1. Sep 22, 2015 #1
    1. The problem statement, all variables and given/known data
    "A jet plane is cruising at 300 m/s when suddenly the pilot turns the engines up to full throttle. After traveling 4.0 km, the jet is moving with a speed of 400 m/s."
    2. Relevant equations
    "What is the jet's acceleration, assuming it to be a constant acceleration?"
    3. The attempt at a solution

    The way I see it, the only info we have is v-initial = 300 m/s , v-final = 400 m/s , and delta-x = 4000 m.

    To find acceleration I would need delta-t. All the equations that I'm cognizant of seem to include both acceleration and delta-t, both variables that are not given. It seems like I would need the acceleration to find delta-t. I also seems I would need delta-t to find acceleration.

    This seems like a simple problem, but I don't even know how to approach it. So far this semester I've been teaching myself, because our homework and quizzes are at least 1 chapter ahead of our lectures, which means our prof. isn't teaching us jack sh!t, just (inadequately) reviewing material that we've already taught ourselves to do the homework and quizzes. This class is really making me hate physics, which I formerly loved and wanted to major in. :(

    What should my methodology be from the get-go?
     
  2. jcsd
  3. Sep 22, 2015 #2

    NascentOxygen


    Alternatively, you could involve displacement by using an equation you already know which does involve displacement, though via this route you'll need to solve a pair of simultaneous equations.
     
  4. Sep 22, 2015 #3

    SteamKing


    Do a little research on the web if your textbook is inadequate.

    Here is a list of various equations of motion:

    https://sentynel.com/media/old/equations.html
     
  5. Sep 22, 2015 #4
    well yes, there is [s-final = s-initial = v*delta-t] , but there is delta-t, and only one term for v. I tried using this equation, but to solve for delta-t, I would only be using one term of velocity, what value would I use?

    There is also [s-final = s-initial + v-initial*delta-t + (1/2)a(delta-t)^2], but once again, there is delta-t AND a, which are unknown, and only one value of v.

    My assumption is that I need to find delta-t to do anything here...but I don't know how to incorporate a difference of velocities into an equation requiring only 1 velocity term.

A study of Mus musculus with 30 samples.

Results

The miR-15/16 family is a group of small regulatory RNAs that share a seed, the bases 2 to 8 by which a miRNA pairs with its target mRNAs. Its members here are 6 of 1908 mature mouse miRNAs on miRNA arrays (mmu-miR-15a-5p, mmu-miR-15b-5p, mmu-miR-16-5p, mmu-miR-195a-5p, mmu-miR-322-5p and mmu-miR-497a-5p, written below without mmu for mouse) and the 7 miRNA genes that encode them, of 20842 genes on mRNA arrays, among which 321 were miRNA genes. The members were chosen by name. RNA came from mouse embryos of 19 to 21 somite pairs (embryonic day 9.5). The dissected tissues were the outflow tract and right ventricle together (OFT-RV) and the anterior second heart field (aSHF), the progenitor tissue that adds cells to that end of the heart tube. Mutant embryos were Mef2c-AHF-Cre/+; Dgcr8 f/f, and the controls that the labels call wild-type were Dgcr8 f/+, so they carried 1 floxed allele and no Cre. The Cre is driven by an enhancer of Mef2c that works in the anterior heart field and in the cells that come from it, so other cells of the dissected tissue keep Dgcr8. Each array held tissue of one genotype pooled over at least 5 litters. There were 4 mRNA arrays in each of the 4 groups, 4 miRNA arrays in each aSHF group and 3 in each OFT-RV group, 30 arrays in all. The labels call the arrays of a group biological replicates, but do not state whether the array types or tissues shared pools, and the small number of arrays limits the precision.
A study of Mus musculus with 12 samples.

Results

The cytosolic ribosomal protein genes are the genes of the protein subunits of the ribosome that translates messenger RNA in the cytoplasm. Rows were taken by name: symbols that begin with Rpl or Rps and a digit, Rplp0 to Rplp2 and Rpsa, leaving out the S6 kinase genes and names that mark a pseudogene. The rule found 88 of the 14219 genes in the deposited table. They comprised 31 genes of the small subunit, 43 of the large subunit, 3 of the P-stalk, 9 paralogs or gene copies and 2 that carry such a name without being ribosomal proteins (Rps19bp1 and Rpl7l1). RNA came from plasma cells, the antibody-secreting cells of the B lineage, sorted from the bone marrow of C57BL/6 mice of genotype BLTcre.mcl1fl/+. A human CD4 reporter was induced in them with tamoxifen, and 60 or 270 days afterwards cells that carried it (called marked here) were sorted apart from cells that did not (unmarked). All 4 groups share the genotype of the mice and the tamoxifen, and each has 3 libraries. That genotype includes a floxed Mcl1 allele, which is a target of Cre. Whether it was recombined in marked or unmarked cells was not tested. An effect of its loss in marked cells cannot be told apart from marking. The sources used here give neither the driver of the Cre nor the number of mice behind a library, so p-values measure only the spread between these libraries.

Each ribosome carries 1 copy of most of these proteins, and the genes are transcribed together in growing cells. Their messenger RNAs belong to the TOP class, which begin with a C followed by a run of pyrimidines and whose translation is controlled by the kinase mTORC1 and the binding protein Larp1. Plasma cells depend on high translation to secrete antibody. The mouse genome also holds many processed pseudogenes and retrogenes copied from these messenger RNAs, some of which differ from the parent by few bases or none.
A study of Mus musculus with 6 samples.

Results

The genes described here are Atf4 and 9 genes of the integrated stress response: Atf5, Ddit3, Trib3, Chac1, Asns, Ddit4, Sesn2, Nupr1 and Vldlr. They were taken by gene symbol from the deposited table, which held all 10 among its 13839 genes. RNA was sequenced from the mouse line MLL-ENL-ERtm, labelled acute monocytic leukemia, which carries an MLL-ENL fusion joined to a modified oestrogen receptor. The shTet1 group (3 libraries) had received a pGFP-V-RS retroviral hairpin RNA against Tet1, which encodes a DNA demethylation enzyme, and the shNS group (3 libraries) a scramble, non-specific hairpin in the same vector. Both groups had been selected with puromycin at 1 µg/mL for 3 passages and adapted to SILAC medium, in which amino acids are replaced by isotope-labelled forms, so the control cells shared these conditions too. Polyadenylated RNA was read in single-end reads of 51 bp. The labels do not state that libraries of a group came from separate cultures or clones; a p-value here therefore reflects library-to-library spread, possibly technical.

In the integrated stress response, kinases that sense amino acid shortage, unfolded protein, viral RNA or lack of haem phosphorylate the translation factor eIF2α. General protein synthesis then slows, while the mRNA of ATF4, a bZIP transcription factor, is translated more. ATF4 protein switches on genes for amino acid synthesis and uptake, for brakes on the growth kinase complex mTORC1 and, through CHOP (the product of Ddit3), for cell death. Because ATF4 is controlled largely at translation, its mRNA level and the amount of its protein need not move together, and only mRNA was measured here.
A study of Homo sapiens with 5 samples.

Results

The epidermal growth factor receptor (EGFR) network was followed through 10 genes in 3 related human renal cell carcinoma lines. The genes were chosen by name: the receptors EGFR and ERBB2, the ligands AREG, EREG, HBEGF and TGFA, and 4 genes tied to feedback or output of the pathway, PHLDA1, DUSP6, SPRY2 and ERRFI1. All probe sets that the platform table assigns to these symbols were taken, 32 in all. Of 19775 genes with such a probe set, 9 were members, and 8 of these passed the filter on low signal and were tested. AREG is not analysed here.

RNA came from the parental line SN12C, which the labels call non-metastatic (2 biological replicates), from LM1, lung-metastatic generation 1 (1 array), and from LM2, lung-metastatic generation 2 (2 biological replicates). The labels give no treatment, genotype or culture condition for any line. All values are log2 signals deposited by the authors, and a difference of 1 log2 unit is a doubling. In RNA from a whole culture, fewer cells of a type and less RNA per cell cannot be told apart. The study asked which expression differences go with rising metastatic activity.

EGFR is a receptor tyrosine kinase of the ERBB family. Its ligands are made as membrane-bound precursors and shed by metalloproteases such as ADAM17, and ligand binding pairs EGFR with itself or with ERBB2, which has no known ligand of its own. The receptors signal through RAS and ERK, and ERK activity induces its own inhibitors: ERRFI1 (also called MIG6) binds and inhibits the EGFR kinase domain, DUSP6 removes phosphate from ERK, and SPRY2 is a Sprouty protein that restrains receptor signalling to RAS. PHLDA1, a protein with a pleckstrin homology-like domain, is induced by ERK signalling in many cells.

6. Sep 22, 2015 #5

    NascentOxygen

     
  7. Sep 22, 2015 #6
    I'm not sure what you're alluding to here, it's a little vague...My algebra isn't very good, so I'm not sure what method you're referring to that will let me solve for the variables I need without needing more information than I have.
     
  8. Sep 22, 2015 #7

    SteamKing


    The first equation:

    vf = vi + at

    and the second:

    sf = si + vit + (1/2)at2

    If you look at the first equation, you can still solve for t even if a remains unknown for the moment.

    The second equation can be simplified a bit by taking si = 0. You should be able to substitute t from solving the first equation into the second to find a.

    You have sufficient information to solve this problem.

    You apparently didn't bother to search the list of motion equations which was linked to, but the one you need can be derived as described above.

    A suggestion: If you plan on studying physics to any degree, you need to get better at algebra (and more). If your math is dodgy, then this will keep you from solving even the simplest problems (like this one), let alone more complex problems.
     
  9. Sep 22, 2015 #8
    How can you solve for t without a? by substituting the values for vel., I get [100 m/s = at] or [(100/t) = a]. Either way I can't solve t or a.
    I did look at the list of equations. The one you described above is one I was already using.

    Is it forum rules to not answer homework questions? So far all the help I've gotten comes in the form of more questions that don't help explain what I've actually done wrong. No one has mentioned how my thinking is incorrect, or pointed out where in my assumptions/methods I've gone wrong. Without knowing what I've done wrong, I'm no closer to advancing any skills. "You have sufficient information to solve this" isn't really advice...Its what a robot says to a human when the human asks for help.
     
  10. Sep 22, 2015 #9

    SteamKing


    You didn't look far enough down the list I posted.

    There is an equation from which acceleration can be calculated knowing only a distance and an initial and final velocity.

    Yes, yes it is. HW helpers are allowed to provide hints and to point out errors in calculation or reasoning, but providing direct solutions is not permitted.

    No one has said you've done anything wrong. You have not, however, put forth any effort at solving your own equations to find the acceleration, even after additional hints were provided to you. Whether this is due to a lack of algebra skills, or some other reason altogether, is not clear.

    If you are dissatisfied with the help you have received, you are entitled to a full refund. :wink:
     
  11. Sep 22, 2015 #10

    SteamKing


    You've shown two equations involving a and t, both of which are unknown. You can't find either a or t without working with both equations. This is precisely where lack of knowledge of algebra, and solving simultaneous equations in particular, is holding you back from learning physics.